By | Published on Monday 30 April 2018


A four-year old lawsuit filed by Rick Ross against LMFAO as part of a dispute over a three word lyric was back in court last week putting the spotlight on yet another tedious copyright technicality. Four years on, we’re yet to get to the key question in this case: ie whether or not borrowing two thirds of a three word lyric can possibly constitute copyright infringement.

Ross sued LMFAO over their 2010 hit ‘Party Rock Anthem’ and its line “everyday I’m shuffling”, which he said ripped off the lyric “everyday I’m hustlin” from his 2006 track ‘Hustlin’. Should it ever get properly to court, the judge will have to decide whether LMFAO using the words “everyday I’m” in that context is infringement.

The case was initially kicked out of court on a technicality relating to the registration of ‘Hustlin’ with the US Copyright Office. Unlike most other countries, copyrights are actually registered in the US, and it turned out there were problems with the registration of Ross’s work. The problem not being a lack of registration, but the fact the song had been registered three times by different people.

Given that some of those registrations were by big music publishers, the judge argued, someone involved in the song should have spotted that problems long ago and fixed them. Or, at the very least, Ross’s legal team should have sorted out the registration issues before going legal over the LMFAO lyric. To that end the lyric theft lawsuit was dismissed.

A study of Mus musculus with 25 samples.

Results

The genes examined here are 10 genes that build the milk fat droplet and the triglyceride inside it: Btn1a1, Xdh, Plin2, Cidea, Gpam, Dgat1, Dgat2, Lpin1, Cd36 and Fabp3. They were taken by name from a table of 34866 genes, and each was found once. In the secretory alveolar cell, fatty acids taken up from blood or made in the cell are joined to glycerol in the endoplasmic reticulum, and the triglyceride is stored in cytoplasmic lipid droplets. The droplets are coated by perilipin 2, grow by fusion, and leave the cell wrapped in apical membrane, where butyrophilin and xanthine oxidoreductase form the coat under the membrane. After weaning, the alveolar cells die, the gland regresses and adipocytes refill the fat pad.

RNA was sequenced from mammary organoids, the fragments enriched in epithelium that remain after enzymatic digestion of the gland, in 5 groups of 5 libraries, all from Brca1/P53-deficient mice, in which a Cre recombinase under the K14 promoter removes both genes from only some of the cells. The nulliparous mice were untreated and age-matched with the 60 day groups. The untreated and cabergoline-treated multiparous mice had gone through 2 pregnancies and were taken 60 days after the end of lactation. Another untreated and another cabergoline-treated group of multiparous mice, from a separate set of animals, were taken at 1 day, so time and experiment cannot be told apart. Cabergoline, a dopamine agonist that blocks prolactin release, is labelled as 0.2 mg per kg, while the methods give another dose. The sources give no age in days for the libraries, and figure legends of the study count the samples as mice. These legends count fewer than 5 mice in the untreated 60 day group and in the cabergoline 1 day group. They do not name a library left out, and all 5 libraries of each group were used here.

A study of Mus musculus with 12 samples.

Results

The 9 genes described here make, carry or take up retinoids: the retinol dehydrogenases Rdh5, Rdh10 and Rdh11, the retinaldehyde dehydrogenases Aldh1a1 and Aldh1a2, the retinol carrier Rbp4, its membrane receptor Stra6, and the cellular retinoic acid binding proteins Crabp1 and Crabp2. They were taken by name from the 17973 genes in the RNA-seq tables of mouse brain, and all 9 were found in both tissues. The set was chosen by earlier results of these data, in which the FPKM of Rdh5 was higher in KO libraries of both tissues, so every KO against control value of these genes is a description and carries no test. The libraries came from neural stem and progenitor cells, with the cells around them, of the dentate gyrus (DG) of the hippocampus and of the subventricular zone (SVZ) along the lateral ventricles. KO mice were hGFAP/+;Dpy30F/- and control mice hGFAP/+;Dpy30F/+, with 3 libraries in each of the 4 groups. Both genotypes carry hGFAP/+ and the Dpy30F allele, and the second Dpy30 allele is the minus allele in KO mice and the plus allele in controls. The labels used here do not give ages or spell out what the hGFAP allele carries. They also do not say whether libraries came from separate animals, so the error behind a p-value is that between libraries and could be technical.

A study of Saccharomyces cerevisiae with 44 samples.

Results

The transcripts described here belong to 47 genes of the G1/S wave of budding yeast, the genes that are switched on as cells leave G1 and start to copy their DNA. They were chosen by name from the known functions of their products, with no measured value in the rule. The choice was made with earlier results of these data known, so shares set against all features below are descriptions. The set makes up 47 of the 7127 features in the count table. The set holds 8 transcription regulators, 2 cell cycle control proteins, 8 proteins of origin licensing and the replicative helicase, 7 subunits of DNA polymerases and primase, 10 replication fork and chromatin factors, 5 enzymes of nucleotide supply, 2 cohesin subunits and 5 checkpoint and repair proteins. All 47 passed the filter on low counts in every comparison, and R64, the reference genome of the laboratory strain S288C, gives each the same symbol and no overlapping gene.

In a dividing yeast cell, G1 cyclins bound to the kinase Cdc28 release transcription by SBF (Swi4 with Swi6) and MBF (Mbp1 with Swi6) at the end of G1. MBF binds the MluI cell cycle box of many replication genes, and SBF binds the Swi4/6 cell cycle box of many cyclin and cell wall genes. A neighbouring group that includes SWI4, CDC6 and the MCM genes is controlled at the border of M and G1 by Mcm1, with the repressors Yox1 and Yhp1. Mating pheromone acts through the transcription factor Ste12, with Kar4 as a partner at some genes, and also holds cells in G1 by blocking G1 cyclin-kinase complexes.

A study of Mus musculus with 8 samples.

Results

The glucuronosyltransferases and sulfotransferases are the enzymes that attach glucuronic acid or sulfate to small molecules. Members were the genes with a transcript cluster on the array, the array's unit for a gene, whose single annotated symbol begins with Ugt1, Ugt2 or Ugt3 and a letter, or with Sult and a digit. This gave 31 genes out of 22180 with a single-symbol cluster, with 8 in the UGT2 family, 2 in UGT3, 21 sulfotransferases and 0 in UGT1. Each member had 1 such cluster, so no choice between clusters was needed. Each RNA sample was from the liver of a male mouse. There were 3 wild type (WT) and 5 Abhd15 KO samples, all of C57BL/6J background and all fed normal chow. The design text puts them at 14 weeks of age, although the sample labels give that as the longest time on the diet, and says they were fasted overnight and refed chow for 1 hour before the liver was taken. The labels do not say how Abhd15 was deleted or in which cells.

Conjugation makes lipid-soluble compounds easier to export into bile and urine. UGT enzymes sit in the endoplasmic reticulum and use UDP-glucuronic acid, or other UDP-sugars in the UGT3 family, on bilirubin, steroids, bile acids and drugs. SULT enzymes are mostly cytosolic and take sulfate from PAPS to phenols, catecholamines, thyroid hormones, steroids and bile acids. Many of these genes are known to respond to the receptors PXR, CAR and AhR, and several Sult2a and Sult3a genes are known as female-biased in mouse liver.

Ross’s team appealed that ruling and last year the appeals court reinstated the case. That means the whole matter must now go back to the district court for the “can two words be infringement?” debate. Meanwhile, Team Ross have asked the court to force LMFAO to pay their legal costs in relation to the appeal.

Which brings us to the new copyright technicality. LMFAO last week stated in court that they can’t be forced to pay Ross’s legal fees, because the wider copyright dispute is as yet unresolved. Ross may have prevailed in the appeal hearing regarding the copyright registrations, but he is not yet the ‘prevailing party’.

According to Law 360, LMFAO said in court that while copyright law “grants a court the discretion to ‘award a reasonable attorney’s fee to the prevailing party'”, it does not “grant this court the discretion to award reasonable attorney’s fees to a party that has prevailed on an intermediate appeal of a copyright infringement case that remands the case to the district court for further proceedings on the merits”.

It remains to be seen what the court reckons regarding the fees. Let alone whether “everyday I’m shuffling” really can be said to be an infringement of “everyday I’m hustlin”.